Discussion in 'Rifle Country' started by leadcounsel, Jun 18, 2012.


    leadcounsel member


    Why do they perform differently, or dramatically different?
     
  2. rcmodel

    rcmodel Member in memoriam


    For instance a 130 grain .270 bullet has a much better BC then a 150 grain 8mm bullet and can be driven at higher velocity.

    So in effect it is more streamlined, starts out faster, and will not loose speed and drop as much at longer range.

    rc
     
  3. meanmrmustard

    meanmrmustard Member


    If I remember, the 280 and 7/08 are quite similar.
     
  4. firesky101

    firesky101 Member

     
  5. jmr40

    jmr40 Member


    With modern loads there isn't enough difference between any of them to matter when bullets hit hide. With the best loads very few people can shoot well enough to ever notice any tiny bit of difference in trajectory.

    Some are older rounds and traditional loads for them were limited to the technology, bullets and powder of the day. Newer chamberings take advantage of newer technology, but if the newer technology is applied to the older rounds they will often equal or beat the newer chamberings. At least come close enough to not matter.
     
  6. Haxby

    Haxby Member

    No dramatic difference there.
     
  7. meanmrmustard

    meanmrmustard Member


    What chambering are you referring to that is antiquated but superior to modern loading with all else being equal? I'd love to hear this.
     
  8. Haxby

    Haxby Member

     
  9. meanmrmustard

    meanmrmustard Member


    In a modern rifle with higher pressure tolerance, the 7x57 may indeed be better, but unnoticeably so and for higher cost. Basically, you'd need a modern rifle with a hot rod load to be only marginally better for more money per round. There is no point to be seen.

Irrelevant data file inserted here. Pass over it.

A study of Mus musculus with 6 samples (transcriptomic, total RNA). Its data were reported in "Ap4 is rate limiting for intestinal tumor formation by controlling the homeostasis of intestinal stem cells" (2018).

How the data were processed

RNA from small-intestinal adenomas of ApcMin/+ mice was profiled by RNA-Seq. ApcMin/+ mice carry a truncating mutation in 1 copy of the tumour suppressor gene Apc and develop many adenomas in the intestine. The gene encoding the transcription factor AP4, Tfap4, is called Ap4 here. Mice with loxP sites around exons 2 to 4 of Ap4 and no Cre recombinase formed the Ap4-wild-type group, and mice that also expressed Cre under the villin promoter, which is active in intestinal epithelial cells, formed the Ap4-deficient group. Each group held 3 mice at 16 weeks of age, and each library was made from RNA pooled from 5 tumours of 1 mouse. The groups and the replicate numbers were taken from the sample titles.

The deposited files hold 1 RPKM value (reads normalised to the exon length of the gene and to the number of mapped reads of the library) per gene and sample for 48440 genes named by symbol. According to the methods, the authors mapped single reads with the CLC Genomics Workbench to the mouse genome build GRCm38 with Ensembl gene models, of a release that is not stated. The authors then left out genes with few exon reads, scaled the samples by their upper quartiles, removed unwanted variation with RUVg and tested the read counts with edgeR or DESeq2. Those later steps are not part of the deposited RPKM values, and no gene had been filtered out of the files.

10. browningguy

    browningguy Member


    So while I agree with that point I disagree that cartridge selection makes no difference because of modern technology. I'd still rather have a big heavy bullet for big gme hunting , and the bigger the beast the bigger the bullet I want. For example if hunting the bigger bears I would much prefer a 180 gr. 30-06 to a 130-140 gr. .270 Winchester, and a .250 gr. .338 Winchester wouldn't feel like too much gun.
     
  11. saturno_v

    saturno_v Member


    The supposedly new Short Magnum cartridges in reality rehash the idea (short fat case) introduced with the venerable 7,62x54R (the Mosin round) almost 120 years ago.

    I believe that in terms of traditional ammunition technology (gunpowder and metallic case) technology has truly peaked......
     
  12. Art Eatman

    Art Eatman Administrator Staff Member


    Anything faster than a .30-30, except the really hot magnums: Zero for two inches high at 100 yards and you'll be right at dead-on at 200. About five or six inches low at 300. Roughly two feet low at 400, give or take a couple or three inches and about four-ish feet low at 500.

    Sure, a 7mm or .300 maggie is gonna be a bit flatter, but not enough to really matter. An inch or so at 200 or 300 is too trivial to care about, assuming the shooter is halfway smart enough to learn how the silly thing shoots...
     
  13. OrangePwrx9

    OrangePwrx9 Member

    --the .308 is inherently accurate
    --the .270 shoots flat at longer ranges
    --the .30-06 is the do-it-all big game cartridge that others are judged by

    There's more to this than X grs. bullet weight over Y grs. of powder Z. The engineers know, but don't have time to explain/debate it all.
     
  14. adelbridge

    adelbridge Member

    I have my pets, I love 7mm rem mag and .30-06. Sometimes I bring two guns in the blind, one semi auto for close up and one bolt action for long range precision shots.